A free rival to conveyancing portal Veyo, called Free2Convey, is to be launched by the Legal Software Suppliers Association (LSSA) at the end of this month.
The portal will integrate with the case management systems which LSSA members provide to the majority of conveyancing firms in England and Wales. Members currently provide software to 90% of UK law firms.
Matt Lancaster, chairman of the LSSA, said: “This is something we felt we had to do.
“As suppliers we all think Veyo is a fantastic idea, and we’re behind anything that changes the legal market for the better, but we believe there should be choice – just as there is a choice of case management systems.
“Our members have years and years of experience in providing most of the software packages for the legal industry. Law firms won’t need to worry whether Free2Convey integrates with their systems because it is designed to.”
Mr Lancaster said the idea for the new portal began when he was involved in discussions about Veyo at a meeting of LSSA in September. The firm where he is sales and marketing director, Pracctice Ltd, worked on a test version of Free2Convey and showed it to clients this spring.
“It was very well received by our clients, but we wanted it to be an industry-wide portal, developed by all our members and which, critically, had their backing so that their software would integrate with it.
“It’s irrelevant which company wrote the software. What is more relevant is that everyone supported, contributed and will integrate with it.”
Mr Lancaster said a live, working version of Free2Convey would be launched at the end of this month.
“We’re hoping as many firms as possible will use it. There are no transactional or set-up charges.”
Like Veyo, Free2Convey has a ‘chain view’ function, enabling conveyancers to see all the parties in a chain of transactions and the stage in the process they have reached.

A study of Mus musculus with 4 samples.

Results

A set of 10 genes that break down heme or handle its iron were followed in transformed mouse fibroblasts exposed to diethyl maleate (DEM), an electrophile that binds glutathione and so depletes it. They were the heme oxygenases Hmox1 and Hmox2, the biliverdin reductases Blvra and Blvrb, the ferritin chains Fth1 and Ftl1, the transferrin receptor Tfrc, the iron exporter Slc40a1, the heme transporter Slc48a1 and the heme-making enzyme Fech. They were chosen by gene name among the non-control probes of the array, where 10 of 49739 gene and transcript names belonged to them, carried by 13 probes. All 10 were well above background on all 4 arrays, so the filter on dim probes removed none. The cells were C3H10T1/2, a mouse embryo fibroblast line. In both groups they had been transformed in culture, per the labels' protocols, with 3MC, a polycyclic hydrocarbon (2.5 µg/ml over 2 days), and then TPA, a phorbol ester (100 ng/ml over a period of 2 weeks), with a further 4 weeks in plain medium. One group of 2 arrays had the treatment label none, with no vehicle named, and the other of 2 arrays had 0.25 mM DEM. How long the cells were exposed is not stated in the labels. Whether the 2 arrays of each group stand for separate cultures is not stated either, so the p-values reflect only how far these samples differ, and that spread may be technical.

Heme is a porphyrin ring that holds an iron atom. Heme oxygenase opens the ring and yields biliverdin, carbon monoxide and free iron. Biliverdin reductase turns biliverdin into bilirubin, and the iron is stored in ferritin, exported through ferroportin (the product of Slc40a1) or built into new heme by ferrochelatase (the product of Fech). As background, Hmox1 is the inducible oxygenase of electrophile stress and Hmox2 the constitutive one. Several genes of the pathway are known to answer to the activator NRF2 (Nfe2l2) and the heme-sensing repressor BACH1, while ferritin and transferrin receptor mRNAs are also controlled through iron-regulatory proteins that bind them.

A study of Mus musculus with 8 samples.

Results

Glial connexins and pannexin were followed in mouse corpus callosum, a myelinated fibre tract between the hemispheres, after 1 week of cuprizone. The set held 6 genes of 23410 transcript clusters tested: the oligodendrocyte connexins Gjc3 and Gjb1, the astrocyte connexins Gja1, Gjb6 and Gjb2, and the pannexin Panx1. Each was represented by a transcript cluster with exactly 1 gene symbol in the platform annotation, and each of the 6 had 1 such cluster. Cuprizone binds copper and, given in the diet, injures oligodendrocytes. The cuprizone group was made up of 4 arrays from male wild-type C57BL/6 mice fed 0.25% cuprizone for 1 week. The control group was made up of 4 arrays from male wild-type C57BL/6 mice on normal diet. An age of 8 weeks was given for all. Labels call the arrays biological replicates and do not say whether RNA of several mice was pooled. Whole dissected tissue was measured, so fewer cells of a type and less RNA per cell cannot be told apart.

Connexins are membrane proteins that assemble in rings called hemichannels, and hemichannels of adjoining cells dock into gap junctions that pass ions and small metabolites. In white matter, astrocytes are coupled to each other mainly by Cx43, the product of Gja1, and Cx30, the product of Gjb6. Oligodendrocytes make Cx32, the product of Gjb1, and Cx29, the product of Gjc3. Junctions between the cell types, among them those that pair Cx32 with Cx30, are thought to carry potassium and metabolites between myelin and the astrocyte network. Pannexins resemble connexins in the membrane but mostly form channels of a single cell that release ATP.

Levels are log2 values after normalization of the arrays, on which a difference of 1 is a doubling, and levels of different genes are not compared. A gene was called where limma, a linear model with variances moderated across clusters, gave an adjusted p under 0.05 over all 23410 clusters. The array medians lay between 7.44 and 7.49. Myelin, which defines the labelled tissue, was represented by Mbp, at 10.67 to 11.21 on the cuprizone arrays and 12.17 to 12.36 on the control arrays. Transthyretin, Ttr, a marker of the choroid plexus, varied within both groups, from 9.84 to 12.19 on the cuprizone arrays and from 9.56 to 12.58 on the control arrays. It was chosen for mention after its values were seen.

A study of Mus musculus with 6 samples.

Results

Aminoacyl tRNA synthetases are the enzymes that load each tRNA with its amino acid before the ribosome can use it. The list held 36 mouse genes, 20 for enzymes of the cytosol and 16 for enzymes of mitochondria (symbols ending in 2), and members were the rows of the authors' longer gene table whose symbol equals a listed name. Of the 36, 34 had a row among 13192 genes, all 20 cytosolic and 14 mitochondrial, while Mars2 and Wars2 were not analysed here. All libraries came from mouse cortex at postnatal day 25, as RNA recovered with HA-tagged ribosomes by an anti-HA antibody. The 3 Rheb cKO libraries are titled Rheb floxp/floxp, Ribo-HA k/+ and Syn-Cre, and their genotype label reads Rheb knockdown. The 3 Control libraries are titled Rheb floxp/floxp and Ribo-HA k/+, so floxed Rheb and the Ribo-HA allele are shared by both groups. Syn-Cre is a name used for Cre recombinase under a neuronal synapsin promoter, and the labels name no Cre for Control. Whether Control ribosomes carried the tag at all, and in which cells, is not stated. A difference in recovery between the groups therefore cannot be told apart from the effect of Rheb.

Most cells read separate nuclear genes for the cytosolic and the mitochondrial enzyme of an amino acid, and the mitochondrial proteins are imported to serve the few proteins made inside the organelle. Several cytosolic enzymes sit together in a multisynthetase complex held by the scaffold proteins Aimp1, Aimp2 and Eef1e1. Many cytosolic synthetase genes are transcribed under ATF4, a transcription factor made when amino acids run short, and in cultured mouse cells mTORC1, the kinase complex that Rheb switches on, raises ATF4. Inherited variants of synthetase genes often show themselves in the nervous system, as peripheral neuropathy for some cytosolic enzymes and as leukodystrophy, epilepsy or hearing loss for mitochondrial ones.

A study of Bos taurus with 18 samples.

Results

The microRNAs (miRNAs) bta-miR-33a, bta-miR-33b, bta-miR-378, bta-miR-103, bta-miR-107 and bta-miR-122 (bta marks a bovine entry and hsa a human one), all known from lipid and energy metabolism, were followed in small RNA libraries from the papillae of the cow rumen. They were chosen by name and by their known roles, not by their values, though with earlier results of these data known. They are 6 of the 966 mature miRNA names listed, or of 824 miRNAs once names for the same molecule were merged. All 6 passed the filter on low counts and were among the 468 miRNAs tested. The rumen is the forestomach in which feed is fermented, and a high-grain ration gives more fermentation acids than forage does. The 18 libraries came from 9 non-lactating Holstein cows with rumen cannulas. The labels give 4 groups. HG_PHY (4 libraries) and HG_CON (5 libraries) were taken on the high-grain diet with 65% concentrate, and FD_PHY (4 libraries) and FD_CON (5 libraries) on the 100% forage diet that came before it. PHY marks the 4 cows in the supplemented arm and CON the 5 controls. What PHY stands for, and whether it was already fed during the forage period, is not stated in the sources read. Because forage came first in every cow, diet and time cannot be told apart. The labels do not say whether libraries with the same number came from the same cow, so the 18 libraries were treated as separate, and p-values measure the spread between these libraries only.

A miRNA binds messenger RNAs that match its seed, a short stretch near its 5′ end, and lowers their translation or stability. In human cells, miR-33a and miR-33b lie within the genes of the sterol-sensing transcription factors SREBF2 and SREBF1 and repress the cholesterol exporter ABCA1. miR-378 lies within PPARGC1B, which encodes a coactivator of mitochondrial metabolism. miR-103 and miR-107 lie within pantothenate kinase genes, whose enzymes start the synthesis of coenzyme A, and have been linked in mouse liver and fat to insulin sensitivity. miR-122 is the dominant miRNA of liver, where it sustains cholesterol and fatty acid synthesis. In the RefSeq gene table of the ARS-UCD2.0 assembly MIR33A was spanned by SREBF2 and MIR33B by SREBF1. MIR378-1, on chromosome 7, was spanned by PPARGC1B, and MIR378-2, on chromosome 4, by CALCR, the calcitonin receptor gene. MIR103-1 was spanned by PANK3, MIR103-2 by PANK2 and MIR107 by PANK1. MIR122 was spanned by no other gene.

“The problem with Veyo is that if you invite someone else in the chain to use it, and they don’t want to pay, chain view won’t work,” Mr Lancaster said.
“We only need one solicitor to create the chain and invite everyone else to join. The fact there’s no cost means that people will use it. It will become self-perpetuating.”
Mr Lancaster said Free2Convey, like Veyo, could be used as a “stand-alone portal”, but it would work “far better” if it was integrated with firms’ own systems.
He said that suppliers Red Brick and Eclipse, which had announced that their systems integrated with Veyo, could now offer integration with both.
Like Veyo, Free2Convey will also provide a ‘deal room’ enabling conveyancers to upload documents which other parties could contribute to.
“The document will sit in the deal room, and that will provide a central point where they can look at it, review it and see the latest version, rather than bouncing it around by e-mail.”
Mr Lancaster Free2Convey would evolve over time, and that any firm could give feedback to their supplier and ask for increased functionality.
“We’re not looking to have a monopoly,” he added. “It’s good for firms to have a choice. Some may prefer Veyo and want to pay for it.”
Veyo, which is being used by a group of around 80 law firms, charges a transaction fee of £20 and an annual administration charge of £50.
Des Hudson, former chief executive of the Law Society, left his post as chair of Veyo  last month. He was replaced by Ian Gray, director of the US-based Turnaround Management Association.